As an avid gym goer you have probably been asked, or asked the question yourself, “what is the secret to building muscle mass?” Many have sought out this answer high and low (and no I am not talking about the incline on the bench), without finding the real undeniable answer. The most enigmatic answer in the history of bodybuilders and weightlifters
Well folks, today I am going to give you the answer to this age-old question. Are you ready for it? There is no secret! That’s right. There is no secret to building quality muscle mass. I mean this in the sense that, there is not one definitive answer to this question. It’s much more than just a simple black and white answer. There are a multitude of things that contribute to one gaining considerable amounts of muscle.
Training is probably the number one aspect people look into; especially initially. You have to lift weights to build muscle right? There’s a lot of truth to that statement. That’s also a blanket statement. It’s not quite that straight forward. Do you think you would build your pecs by going to the gym every day, grabbing the 5 pound dumbbells, laying down on a flat bench, doing 3 sets of 10, and then going home? Probably not. Building muscle through weight training takes consistency over a very long period of time.
There are obviously different modalities that contribute to muscle mass. Maybe more so than any other aspect, training can be effective through many different styles. Dexter Jackson does not train the same way as Dorian Yates, but they are both Mr. Olympia’s. Dorian said, “The obvious answer is the pervasiveness of the “more is better” mentality that most of us have. It’s always tempting to do a little more. It’s significantly easier to put 90 percent into three to four sets. And I’m not saying it isn’t effective. There’s no denying it does work— just look at the physiques of the top guys who train that way. I simply feel my way, one set to failure, is more effective and more efficient.” Steve Kuclo is a top level pro and he said “A lot of guys just go too heavy because they think muscle growth is all about lifting as heavy as you can. They don’t understand how critical it is to get the best pump possible.” Both have world class physiques; both have very different training theories. While I side more on the ideals of Yates, it shows there is more than one way to do things. Whatever style you choose to adopt, you have to consistently give it a go for a long period of time.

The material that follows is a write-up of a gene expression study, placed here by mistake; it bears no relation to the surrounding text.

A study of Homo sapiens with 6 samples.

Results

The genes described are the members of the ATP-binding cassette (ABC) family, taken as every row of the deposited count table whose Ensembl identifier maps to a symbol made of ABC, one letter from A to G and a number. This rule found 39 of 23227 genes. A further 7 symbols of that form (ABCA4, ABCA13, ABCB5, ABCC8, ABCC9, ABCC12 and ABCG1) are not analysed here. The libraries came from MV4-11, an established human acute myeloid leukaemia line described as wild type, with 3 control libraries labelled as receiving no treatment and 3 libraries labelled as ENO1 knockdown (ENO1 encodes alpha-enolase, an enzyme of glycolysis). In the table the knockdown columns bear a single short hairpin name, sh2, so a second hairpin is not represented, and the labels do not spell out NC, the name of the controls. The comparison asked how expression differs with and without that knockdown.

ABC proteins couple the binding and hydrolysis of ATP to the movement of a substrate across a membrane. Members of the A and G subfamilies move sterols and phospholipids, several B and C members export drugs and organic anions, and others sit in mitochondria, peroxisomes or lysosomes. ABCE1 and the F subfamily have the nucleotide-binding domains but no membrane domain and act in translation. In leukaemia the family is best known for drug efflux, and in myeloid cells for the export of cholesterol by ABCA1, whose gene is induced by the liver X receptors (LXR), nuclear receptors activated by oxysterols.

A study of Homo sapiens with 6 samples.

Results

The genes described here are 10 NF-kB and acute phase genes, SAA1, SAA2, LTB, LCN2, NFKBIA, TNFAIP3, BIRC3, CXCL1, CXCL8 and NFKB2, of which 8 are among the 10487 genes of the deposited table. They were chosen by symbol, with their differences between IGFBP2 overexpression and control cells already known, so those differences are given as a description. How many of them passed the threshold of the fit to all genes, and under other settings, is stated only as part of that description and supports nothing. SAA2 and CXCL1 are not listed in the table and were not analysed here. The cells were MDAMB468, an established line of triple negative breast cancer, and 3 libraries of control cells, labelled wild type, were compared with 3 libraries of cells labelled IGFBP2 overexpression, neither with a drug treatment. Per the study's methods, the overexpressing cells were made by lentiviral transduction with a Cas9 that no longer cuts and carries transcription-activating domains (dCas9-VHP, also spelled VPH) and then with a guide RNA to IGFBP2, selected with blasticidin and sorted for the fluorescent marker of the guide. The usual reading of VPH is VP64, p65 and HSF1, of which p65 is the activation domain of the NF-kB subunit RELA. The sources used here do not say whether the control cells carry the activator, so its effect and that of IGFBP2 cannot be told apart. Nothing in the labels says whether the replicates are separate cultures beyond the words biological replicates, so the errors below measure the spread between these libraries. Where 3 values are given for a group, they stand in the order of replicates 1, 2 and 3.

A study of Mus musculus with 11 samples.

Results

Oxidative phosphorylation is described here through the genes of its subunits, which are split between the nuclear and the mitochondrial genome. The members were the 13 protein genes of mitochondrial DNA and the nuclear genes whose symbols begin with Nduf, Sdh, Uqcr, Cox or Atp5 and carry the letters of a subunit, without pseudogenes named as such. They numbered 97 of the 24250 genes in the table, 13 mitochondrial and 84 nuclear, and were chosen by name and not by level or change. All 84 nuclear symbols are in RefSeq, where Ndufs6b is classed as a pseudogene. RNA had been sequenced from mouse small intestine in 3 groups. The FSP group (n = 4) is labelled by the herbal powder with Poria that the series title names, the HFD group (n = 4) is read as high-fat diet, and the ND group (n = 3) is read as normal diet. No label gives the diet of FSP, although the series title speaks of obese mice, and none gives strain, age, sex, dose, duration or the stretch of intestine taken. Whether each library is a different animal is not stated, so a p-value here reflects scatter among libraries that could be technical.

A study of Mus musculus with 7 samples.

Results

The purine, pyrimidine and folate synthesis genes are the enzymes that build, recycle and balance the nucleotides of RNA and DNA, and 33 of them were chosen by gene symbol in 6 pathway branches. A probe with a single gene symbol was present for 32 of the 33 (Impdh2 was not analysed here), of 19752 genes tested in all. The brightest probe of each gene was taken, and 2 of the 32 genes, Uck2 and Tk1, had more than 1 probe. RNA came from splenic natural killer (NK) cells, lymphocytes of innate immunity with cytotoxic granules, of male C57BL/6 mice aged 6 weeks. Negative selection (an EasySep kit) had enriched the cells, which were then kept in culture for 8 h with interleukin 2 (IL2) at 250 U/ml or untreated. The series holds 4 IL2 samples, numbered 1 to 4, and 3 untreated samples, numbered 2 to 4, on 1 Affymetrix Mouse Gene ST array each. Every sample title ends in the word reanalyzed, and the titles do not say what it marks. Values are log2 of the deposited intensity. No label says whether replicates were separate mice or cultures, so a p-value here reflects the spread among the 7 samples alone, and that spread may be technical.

Maybe more so than training, nutrition has its place in attempting to attain significant amounts of muscle. For the average person first getting started into bodybuilding or weightlifting, this is the most overlooked aspect. Eat big to get big right? Kind of. Eating in a caloric surplus over an extended period of time will yield muscle growth. It really is as simple, and as complicated as that last sentence.
The most important thing to do is figure out where your maintenance calories are. There are many different ways to do this, but the easiest and most common is to take your body weight and multiply it by 15. So for a 200 pound person their maintenance calories for a day are 3000. So for this individual to gain mass, they would need to create a surplus in calories. Typically to gain one pound week (definitely not all going to be muscle), you need a surplus of 3500 calories, or 500 calories a day. I even caution myself making such a broad statement such as this; there are many different variables that could affect that number.
It’s truly not enough to just throw out a caloric number. Your daily macronutrient intake has a lot to do with the aforementioned as well. Protein should be number one on your priority list. Aim for roughly 1.2 to 1.8 grams per pound of body weight. After you have figured out your protein intake you can start to figure out your other macros; carbohydrates and fats. I am not confident enough to make a claim on carbs and fats needed; as everyone is so different when it comes to these. Some people respond better to higher fats and lower carbs, while some people respond better to higher carbs and lower fats.
It’s very easy to put on scale weight with no regard to the quality of the weight you are putting on. We are trying to build lean muscle mass here, not just a number that shows on a scale. Diet will be the key to ensuring you put on muscle and not just fat mass.
The recurring theme here is consistency. Consistency in the gym. Consistency on the diet. Consistency with your supplements (which we did not discuss and will save for a future discussion). As Jay Cutler said, “It’s Consistency. Stay with it. You have to do this day in and day out. It becomes a lifestyle.”